Nearly 2% of health providers, including 1.6% of physicians and osteopaths, are practicing without a license and 18.7% have some cloud on their credentials, according to a new report from a company that checks licensing, credentialing, and malpractice litigation history.
The survey, published by Medversant of Los Angeles, used a patented tracking system to provide background checks on nearly 30,000 health practitioners for clients, such as state governments, hospitals, health plans, and nursing registries.
Matthew Haddad, president and CEO of Medversant, says the finding of so many practitioners who shouldn't be practicing is alarming, and points to a potential for widespread fraud.
"What's often the case is that when you have a provider billing who is not licensed, very often that patient is fictitious," he says. He adds that many state and federal agencies are interested in the finding in an effort to prevent paying bogus claims as well as safeguard quality of care.
The Medversant system checks for daily updates on licensees, which Haddad says is a vast improvement over the routine practice of checking once every two to three years, a requirement from The Joint Commission, healthcare accrediting organizations, government regulatory agencies, and the Center for Medicare and Medicaid Services.
The survey also revealed:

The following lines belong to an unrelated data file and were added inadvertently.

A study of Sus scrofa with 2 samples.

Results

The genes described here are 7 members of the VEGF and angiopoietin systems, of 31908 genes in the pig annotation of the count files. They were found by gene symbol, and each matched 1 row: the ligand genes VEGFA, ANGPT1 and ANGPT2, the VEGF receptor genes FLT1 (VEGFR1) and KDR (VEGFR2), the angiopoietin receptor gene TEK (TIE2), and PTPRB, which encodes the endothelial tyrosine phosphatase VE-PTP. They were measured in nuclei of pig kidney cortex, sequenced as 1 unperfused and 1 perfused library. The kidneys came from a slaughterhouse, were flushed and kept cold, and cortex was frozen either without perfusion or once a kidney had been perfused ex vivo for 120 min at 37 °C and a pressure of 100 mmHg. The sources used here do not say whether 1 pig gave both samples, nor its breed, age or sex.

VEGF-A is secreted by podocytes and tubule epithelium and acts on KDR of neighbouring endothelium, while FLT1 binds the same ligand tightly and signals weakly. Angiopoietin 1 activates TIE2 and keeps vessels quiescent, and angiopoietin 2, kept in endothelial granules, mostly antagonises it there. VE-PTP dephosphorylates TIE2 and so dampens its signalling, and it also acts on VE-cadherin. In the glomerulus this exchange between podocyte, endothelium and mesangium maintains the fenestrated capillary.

The company is marketing its services in an effort to help payers guarantee quality of care.
It checks the Educational Commission for Foreign Medical Graduates, specialty board certifications, licensing agencies, the Drug Enforcement Administration, state controlled drug and substance agencies, professional liability coverage listings and claims history, the National Practitioner Data Bank, healthcare facility affiliations, employment, peer references, and history of failure to disclose adverse actions.
For example, a state government might wish to know whether a Medicaid provider who files a reimbursement claim is licensed to provide the service. A hospital may wish to validate the disciplinary peer review history of a physician seeking staff privileges. And a health plan may wish to expand its network to providers within a certain network.
"The consequences to an organization that employs or uses services from an unlicensed physician can be extreme," Haddad says, even if the license is merely overdue for renewal.